Looking back on the college’s history and the community school stigma
By Jessica Berget, Editor-in-Chief
Better to be over the hill than under it as they say. As we celebrate Douglas College turning 50 this year, we can finally say it’s over the hill—literally and figuratively.
Being a student here for a couple years, I never gave much thought to this community college. To be honest, I only came here because most of my friends at the time were here. But, as we celebrate the half of a century milestone with this little institution we call our school, I think now is as good a time as any to look back on the place many of us come to receive our education.
Douglas, a history
The colleges namesake begins with Sir James Douglas, a Canadian politician and fur-trader who became the first governor of the colony of BC. He got his nickname of “The Father of British Columbia,” but I guess now we can call him “Big Daddy Douglas.” Almost 100 years after his retirement, Douglas College was opened and named in his memory. According to the Douglas College homepage, the choice to name the school after Douglas is “an embodiment of the highly diverse, endlessly fluctuating, frequently unjust imperial world of which he was a product, and to which he made important contributions.”
Give it the ol’ college try
It may be hard to believe now, but Douglas College had a rough go when it first opened in November of 1970. Classes were pushed until October and November because of construction and budget cuts. Because of the lack of space, classes took place in twenty different community centres, church basements, warehouses, and secondary schools. Students and faculty had to rush to each location for their next classes. Now, we can enjoy the luxury of classes at being as far as the Anvil centre.
On November 19, Douglas officially opens with 1,200 full-time students, over 700 part-time students, and 95 faculty. Tuition started at $100 a semester (wouldn’t that be nice)? Fifty years later, $100 might get you a textbook and the average price of a class is about $500. There are also over 25,000 students and over 1,800 staff, faculty, and assistants employed at the college according to the 2017 to 2018 Douglas College quick facts, growing it into one of the largest post-secondary institutions in BC.
Plans for a permanent campus were discussed in 1972, and a recently elected NDP government in BC agreed to pay all costs to build three permanent campuses. Douglas was also one of the first colleges in BC to offer women’s and environmental studies classes.
In 1977, as student enrolment rises, classes were held in New Westminster, Surrey, and Richmond and the school found ways to accommodate the growing number of students. After years of campus relocations and ballooning enrollment, the BC government approved $1.9 million plan to make a permanent campus location in New Westminster.
After many years of constructions, splitting of campuses, and relocations—finally, in 1982, Douglas found its permanent home on Royal Avenue and settled into their new location and years later in 1996, opened the second location in Coquitlam named after David Lam, a Hong Kong born Canadian politician and twenty-fifth Lieutenant-Governor of BC.
Stigmas against community colleges
As a student at Douglas, I’ve heard all the negative connotations that come with going to a smaller sized community college rather than a research university, but I don’t believe any basis for this stigma other than pure elitism. Yet, there are arguments made that going to a smaller sized community college is cheaper, smaller in terms of scale or student population, and therefore is less quality education—or that community college students are lazy or not as passionate and motivated as university students. Considering the fact that Douglas College is the largest degree granting college in BC, and offers the most Bachelor’s degrees and post-degree programs than any college in BC, I fail to see the truth in that. So, why does this stereotype persist?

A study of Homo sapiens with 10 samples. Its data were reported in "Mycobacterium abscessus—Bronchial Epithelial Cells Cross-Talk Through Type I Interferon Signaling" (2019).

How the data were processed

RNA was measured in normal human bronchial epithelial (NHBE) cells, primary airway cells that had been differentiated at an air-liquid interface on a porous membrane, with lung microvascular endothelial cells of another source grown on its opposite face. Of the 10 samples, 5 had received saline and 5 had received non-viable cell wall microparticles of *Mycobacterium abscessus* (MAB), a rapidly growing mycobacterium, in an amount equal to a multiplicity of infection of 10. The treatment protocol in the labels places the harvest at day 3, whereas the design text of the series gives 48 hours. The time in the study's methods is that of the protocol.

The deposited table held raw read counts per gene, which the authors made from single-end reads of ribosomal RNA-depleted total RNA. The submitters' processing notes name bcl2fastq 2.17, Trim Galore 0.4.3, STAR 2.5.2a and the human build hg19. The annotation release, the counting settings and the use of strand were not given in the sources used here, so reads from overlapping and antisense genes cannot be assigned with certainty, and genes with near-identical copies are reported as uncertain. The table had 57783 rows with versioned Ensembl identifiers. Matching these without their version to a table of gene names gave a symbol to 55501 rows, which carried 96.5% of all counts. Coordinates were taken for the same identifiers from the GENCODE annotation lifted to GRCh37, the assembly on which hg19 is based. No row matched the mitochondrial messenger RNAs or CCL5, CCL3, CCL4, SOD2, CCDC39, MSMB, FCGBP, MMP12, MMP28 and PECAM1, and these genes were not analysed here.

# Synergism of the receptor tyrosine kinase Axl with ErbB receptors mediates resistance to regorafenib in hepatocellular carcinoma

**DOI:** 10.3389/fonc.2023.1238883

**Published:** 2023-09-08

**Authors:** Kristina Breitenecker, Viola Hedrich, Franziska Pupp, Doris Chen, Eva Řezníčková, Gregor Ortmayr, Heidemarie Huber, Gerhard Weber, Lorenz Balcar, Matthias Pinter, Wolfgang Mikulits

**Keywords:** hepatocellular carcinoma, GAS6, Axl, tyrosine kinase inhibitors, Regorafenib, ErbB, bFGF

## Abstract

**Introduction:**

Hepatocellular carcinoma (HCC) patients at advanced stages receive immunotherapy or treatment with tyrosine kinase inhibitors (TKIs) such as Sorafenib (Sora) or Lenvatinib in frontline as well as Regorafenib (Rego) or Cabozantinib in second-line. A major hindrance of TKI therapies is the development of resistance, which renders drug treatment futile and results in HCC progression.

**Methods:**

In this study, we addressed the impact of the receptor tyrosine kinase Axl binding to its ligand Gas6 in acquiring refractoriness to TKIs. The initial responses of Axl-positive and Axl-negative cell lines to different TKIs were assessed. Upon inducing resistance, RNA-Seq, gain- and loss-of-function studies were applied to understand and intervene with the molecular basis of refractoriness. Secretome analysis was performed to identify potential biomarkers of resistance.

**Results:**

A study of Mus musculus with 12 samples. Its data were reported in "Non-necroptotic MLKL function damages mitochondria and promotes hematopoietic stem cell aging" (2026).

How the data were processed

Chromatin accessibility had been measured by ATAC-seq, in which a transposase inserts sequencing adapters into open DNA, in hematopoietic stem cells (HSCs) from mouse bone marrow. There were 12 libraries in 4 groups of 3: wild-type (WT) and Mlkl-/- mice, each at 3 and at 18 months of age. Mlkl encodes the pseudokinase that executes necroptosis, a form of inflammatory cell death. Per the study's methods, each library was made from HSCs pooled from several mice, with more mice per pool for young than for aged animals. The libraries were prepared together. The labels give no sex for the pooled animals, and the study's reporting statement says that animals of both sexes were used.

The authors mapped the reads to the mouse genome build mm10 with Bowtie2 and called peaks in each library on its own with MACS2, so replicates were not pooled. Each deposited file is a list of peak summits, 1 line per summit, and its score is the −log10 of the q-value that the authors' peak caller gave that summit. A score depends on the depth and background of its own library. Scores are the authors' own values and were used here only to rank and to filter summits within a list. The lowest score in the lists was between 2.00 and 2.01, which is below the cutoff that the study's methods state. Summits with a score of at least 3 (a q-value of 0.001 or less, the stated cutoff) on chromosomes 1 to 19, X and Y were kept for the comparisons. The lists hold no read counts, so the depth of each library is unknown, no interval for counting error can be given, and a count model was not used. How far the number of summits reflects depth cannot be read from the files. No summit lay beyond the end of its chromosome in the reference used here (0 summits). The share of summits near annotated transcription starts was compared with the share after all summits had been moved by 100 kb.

It may be a small school when compared to other Canadian research universities like SFU or UBC, but that’s no justification for the negative connotation behind going to a smaller school. In fact, going to smaller school has some major perks that no one mentions. For one thing, first year classes in universities can be as packed as 500 to 800 students are in a single class. The same classes at Douglas are taught with about 35 students—meaning every student gets more hands-on experience and attention from their professors. Besides also being generally cheaper than a university, colleges like Douglas are made for students who need to balance work and other responsibilities—the college allows students to have very flexible scheduling to accommodate. Douglas also combines the foundation of academia like a university with the career-ready experience and skills of a college.
Douglas is also popular with students and faculty as far as satisfaction rates. In a BC stats survey compiling data from 2015 to 2018, an average of 93 percent of students at Douglas were satisfied with their education. Douglas was also recognized as BC’s best employers in 2019, citing its accommodations for employees who are also parents, their initiatives for mental and physical well-being, the encouragement they give their employees to continue their education, as well as offering a variety of training programs.
We only know Douglas as the place where we come and learn, but I think it’s important to recognize the rich and fascinating history that accompanies it. The very halls and concourse we walk through is the same one that many other passionate and dedicated students have walked through years ago… and will continue to walk through for many more years to come. Here’s to another fifty years, Dougie.